What Can We Do About Women’s Invisible Labor?

Letting go of the mental mom workload.

Last year I went to my first work conference since I began freelancing full-time when my daughter was born three years ago. But amid refining my resume and ordering new business cards, I had a whole stack of additional duties: organize childcare for my daughter; make freezer meals for while I was away; and be sure her Halloween costume was all set for trick or treat.

In the days leading up the conference, I spent much more time preparing my home for my absence than I did preparing myself professionally for the conference.

Frustrated, I posted a vent in a group for other working moms. I was stunned when I received instantaneous responses from other women — all independent, headstrong professionals — who were getting sucked into the same cycle.

“It’s the invisible workload,” one wrote, and something clicked for me. That’s exactly what it was — the emotional and mental burden of making sure that everything at home was running smoothly.

Recently a popular cartoon has brought the issue of invisible labor to the forefront again. In the cartoon, a wife prepares dinner while feeding the baby and welcoming a guest. When the pot boils over (literally), her partner exclaims “You should’ve asked! I would’ve helped!”

“When a man expects his partner to ask him to do things, he’s viewing her as the manager of household chores,” cartoonist Emma writes. “The mental workload is almost completely borne by women. It’s permanent and exhausting work. And it’s invisible.” And even though women are increasingly present in the workforce, they’re still in charge of the household. When (or if) they become mothers, this responsibility doubles.

For Nikki Yeager, a New York City mom of one and founder of Every Bean, a gender-neutral kids clothing line, the cartoon opened a discussion that she had been trying and failing to have with her husband.

“I felt like someone had finally given words to express what I’d been trying to explain for the last year,” she says. After the birth of her son, she was overwhelmed by her mental and emotional workload and managing the house. Her husband just didn’t get it, she says. “No matter how I tried, I just didn’t have the right words for what I was experiencing, which left him frustrated since he couldn’t see what I was talking about, and it left me resentful because I felt I was carrying far more than my fair share,” she says.

When she had him read the cartoon, something clicked.

“The next day he mentioned that he did the dishes without me asking because he understood why it was problematic when he waits for me to dictate work to him,” she says. Although it hasn’t changed all the imbalances in the household, Yeager at least feels like her husband understands the issue.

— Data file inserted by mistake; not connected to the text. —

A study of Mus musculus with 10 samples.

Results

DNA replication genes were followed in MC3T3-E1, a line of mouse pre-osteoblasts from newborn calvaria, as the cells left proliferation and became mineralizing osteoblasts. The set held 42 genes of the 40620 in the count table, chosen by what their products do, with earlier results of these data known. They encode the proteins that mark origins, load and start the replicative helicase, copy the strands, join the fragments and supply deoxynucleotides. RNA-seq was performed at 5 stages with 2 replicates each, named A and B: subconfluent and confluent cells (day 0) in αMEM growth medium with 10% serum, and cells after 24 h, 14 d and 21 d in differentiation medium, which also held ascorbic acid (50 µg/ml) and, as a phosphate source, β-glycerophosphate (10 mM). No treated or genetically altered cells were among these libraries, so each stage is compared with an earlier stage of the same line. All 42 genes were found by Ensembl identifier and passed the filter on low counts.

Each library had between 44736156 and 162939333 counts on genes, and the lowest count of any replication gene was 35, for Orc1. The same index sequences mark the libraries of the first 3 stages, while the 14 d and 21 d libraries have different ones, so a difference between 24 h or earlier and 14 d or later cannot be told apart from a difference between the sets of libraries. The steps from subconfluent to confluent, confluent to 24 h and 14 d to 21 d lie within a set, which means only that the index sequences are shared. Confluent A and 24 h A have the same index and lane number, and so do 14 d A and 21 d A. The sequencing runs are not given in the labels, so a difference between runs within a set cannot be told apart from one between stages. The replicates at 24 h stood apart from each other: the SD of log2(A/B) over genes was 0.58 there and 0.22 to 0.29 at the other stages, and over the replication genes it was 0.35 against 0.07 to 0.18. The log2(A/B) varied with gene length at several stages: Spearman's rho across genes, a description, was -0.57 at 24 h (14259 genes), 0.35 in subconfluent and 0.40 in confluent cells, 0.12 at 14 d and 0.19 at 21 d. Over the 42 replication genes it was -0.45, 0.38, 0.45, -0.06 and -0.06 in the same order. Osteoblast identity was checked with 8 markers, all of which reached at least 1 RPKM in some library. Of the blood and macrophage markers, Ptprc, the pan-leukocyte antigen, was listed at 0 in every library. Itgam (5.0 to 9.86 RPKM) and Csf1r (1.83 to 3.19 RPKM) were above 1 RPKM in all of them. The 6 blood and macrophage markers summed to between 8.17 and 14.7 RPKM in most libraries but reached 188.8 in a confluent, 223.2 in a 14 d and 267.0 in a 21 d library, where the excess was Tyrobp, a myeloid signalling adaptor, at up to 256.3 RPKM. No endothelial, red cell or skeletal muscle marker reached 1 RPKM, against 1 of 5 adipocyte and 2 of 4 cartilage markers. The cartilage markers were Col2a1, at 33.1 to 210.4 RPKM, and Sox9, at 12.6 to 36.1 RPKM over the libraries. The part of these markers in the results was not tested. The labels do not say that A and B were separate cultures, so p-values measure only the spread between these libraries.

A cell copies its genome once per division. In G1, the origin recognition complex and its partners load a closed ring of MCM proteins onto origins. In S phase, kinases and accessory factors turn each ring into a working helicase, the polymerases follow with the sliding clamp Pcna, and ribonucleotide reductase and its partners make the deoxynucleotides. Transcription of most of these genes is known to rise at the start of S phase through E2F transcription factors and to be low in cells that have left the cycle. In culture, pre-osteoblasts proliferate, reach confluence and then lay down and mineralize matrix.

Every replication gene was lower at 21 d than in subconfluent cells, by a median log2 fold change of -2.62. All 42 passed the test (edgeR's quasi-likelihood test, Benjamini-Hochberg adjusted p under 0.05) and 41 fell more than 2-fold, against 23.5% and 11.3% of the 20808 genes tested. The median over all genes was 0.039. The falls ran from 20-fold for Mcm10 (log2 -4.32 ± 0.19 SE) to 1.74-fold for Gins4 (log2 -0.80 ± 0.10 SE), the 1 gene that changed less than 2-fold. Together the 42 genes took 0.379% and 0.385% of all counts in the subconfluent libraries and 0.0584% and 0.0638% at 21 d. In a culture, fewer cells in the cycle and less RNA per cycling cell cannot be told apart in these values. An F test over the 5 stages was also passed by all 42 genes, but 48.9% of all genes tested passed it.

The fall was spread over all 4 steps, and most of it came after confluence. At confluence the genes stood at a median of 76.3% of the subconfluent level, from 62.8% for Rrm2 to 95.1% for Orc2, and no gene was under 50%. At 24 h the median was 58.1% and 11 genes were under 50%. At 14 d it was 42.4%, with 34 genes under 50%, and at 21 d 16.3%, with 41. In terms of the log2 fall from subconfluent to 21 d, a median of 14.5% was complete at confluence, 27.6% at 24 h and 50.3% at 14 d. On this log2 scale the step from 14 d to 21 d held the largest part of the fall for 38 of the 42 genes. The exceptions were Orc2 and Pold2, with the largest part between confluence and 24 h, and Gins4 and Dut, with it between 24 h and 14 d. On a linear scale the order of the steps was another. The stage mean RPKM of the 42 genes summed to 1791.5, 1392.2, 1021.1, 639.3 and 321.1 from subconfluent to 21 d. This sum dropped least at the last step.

“Since then, his behavior hasn’t changed much, but our ability to negotiate household tasks and discuss workload has become much more friendly, balanced, and fair since we now both have the vocabulary needed for those discussions,” she says.

Erin Heger, a health insurance navigator from Kansas City, Kan., and mom of one, knows that finding the right vocabulary can be challenging.

“I think about gender roles and social conditioning,” she admits. “[My husband] doesn’t think about issues the same way I do and doesn’t have same vocabulary that I’m immersed in.”

Even though Heger and her husband have had ongoing discussions about the mental workload, she still doesn’t feel that he fully understands – or is willing to see – the issue.

“There’s a level of his shutting down and that uncomfortable moment when you’re faced with your privilege and you feel defensive,” she says. “Finding the language to explain it in a way he understands and stays open to the conversation is very challenging.”

A challenge that, unsurprisingly, falls on women.

“Sometimes I’m just so exhausted by it and tired of trying to explain it,” Heger says.

One thing that has helped Heger is to realize that the issue is much bigger than her marriage. Just as previous generations had to advocate, organize, and agitate for a long time for certain gender roles to shift, the current generation will likely be battling the mental burden for a long time, she says.

“I used to get very frustrated when we didn’t solve it right then, but these are very deeply ingrained social norms, so I’ve tried to accept it’s going to be lifelong process,” she says. “It’s more of a slowly evolving social change.”

The fact that more people are talking about the mental workload and realizing that it exists is progress.

“I do think there’s value in talking about it in circles of women, to make us all more aware of it and realize that we can identify with each other on that,” Heger says.

Having that conversation with your partner is another necessary step, Yeager suggests.

“If you decide you’re not OK doing the majority of the mental work, it’s your responsibility to find a partner who supports an equal division of labor and is willing to have discussions about gender norms and work load,” she notes.

In my own household, I have stepped back ever so slightly from planning everything. My husband is a wonderful partner and parent, so it’s not my responsibility to make things easier for him. Of course, that’s challenging for me because it means accepting that chores and childcare might be done differently than I would prefer.

The next time I attend a conference or go out of town, I’m going to step back a bit and give myself a break from the mental workload of preparing everything for him, both around the house and with my daughter. And I have a feeling they’ll be just fine.